Enthusiasm and community spirit
The interwar period was a rich and varied era for preventive healthcare work in Norway, as described by Aina Schiøtz (10). The area of work was broad, initiatives were numerous and new knowledge quickly materialised into new practical policies. Numerous actors were involved: public health nurses, hospital nurses, doctors, teachers, architects, bureaucrats and politicians – and not least the large number of people involved through voluntary aid organisations. The entire country was swept up in a national community effort (10). Much of the health promotion of the time emerged 'from the bottom up', following grassroots initiatives. One good example is provided by the Norwegian Women's Public Health Association, which had established a large organisation and came to set the standard for voluntary health promotion in Norway.
This work bore fruit. Despite economic crisis, poverty, high unemployment and political unrest, the health of most people improved. Communicable diseases were on the decline, child mortality fell and life expectancy rose. Within a few years, schoolchildren became healthier, stronger, taller and cleaner (11). All statistics pointed in the same direction, in Norway as in many other European countries (10). In 1920, Norway had 2.6 million inhabitants, half of today's number. The country had 1 346 doctors, five percent of today's number (12). Life expectancy at birth was approximately 60 years. It is difficult, however, to quantify how much of this improvement in health was due to the community effort and how much should be ascribed to broad political programmes that helped improve living conditions.
The primary goal of the preventive efforts undertaken during the first decades of the 20th century was to combat and prevent the spread of the deadly communicable diseases, first and foremost of tuberculosis. Tuberculosis mortality was more than halved in the period 1900–1930, from 31 to 15 per 10 000. Mortality from pneumonia and bronchitis was close to halved from 1920 to 1940. The same applied to mortality from epidemic communicable diseases in the age group 15–39 years (13). A large part of the honour for this progress is due to public hygiene, Carl Schiøtz stated (14). It is worth mentioning that these impressive results were achieved before the advent of antibiotics.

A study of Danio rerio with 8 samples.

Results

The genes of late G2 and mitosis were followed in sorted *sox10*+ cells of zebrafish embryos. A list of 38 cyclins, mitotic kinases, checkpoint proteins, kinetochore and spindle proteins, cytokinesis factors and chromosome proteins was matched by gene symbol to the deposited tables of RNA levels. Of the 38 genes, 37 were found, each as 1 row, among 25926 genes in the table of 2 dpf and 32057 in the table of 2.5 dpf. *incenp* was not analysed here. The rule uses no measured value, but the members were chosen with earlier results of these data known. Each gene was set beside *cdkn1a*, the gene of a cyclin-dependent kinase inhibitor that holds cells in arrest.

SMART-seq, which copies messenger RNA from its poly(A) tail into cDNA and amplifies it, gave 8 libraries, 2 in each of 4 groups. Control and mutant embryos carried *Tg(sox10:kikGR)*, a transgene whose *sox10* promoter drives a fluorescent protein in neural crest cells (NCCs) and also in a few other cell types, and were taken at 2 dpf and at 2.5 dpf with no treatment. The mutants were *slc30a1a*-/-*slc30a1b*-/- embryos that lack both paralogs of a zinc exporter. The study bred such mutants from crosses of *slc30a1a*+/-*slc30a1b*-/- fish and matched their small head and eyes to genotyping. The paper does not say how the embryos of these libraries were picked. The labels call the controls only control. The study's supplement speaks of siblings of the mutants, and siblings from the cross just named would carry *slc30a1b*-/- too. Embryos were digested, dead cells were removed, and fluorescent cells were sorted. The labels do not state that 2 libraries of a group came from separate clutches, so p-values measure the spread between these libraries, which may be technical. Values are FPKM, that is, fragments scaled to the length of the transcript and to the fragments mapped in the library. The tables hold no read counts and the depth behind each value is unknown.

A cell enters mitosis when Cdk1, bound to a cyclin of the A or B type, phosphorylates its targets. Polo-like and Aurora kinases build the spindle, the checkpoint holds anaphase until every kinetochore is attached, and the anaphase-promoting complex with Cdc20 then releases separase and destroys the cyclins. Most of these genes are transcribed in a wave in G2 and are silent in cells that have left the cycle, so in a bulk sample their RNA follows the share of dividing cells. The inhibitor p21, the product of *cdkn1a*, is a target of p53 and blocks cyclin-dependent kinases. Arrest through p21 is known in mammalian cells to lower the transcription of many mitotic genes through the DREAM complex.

The strategy in the battle against communicable diseases gradually changed character. Since the bacteriological breakthrough in the 1880s, emphasis had been placed on isolating patients and disinfecting houses and belongings. The authorities continued with classic public hygiene measures that consisted in development of infrastructure in cities and towns, such as water supply, waste collection, sanitary facilities and food inspection. This new brand of social hygiene also targeted individuals (11). From the 1910s, there was an increasing awareness of the importance of strengthening resistance to disease in the population, and there was a desire for more emphasis on physical exercise, nutritious diets, strict sleep regimens and better hygiene (10). Light, air and cleanliness were in focus (15). Priorities changed from preventing disease to fostering health (11). Health prevention in schools was one of a number of preventive efforts that flourished in the interwar period (10). The good results convinced people of the advantages of hygiene (16).
Attempts were made to organise this enormous enthusiasm and community spirit regarding public health in broad popular movements where doctors played a key role (8). Doctors developed relevant knowledge. The columns of the Journal of the Norwegian Medical Association were replete with material on hygiene and social medicine (17). In the education of mothers, the doctors collaborated with women's groups such as the Norwegian Women's Public Health Association, the Association of Norwegian Housewives and the women's organisation of the Norwegian Labour Party (18). In line with the thinking of the time, an idea was launched to establish a college for mothers, to provide training in the work of motherhood (19).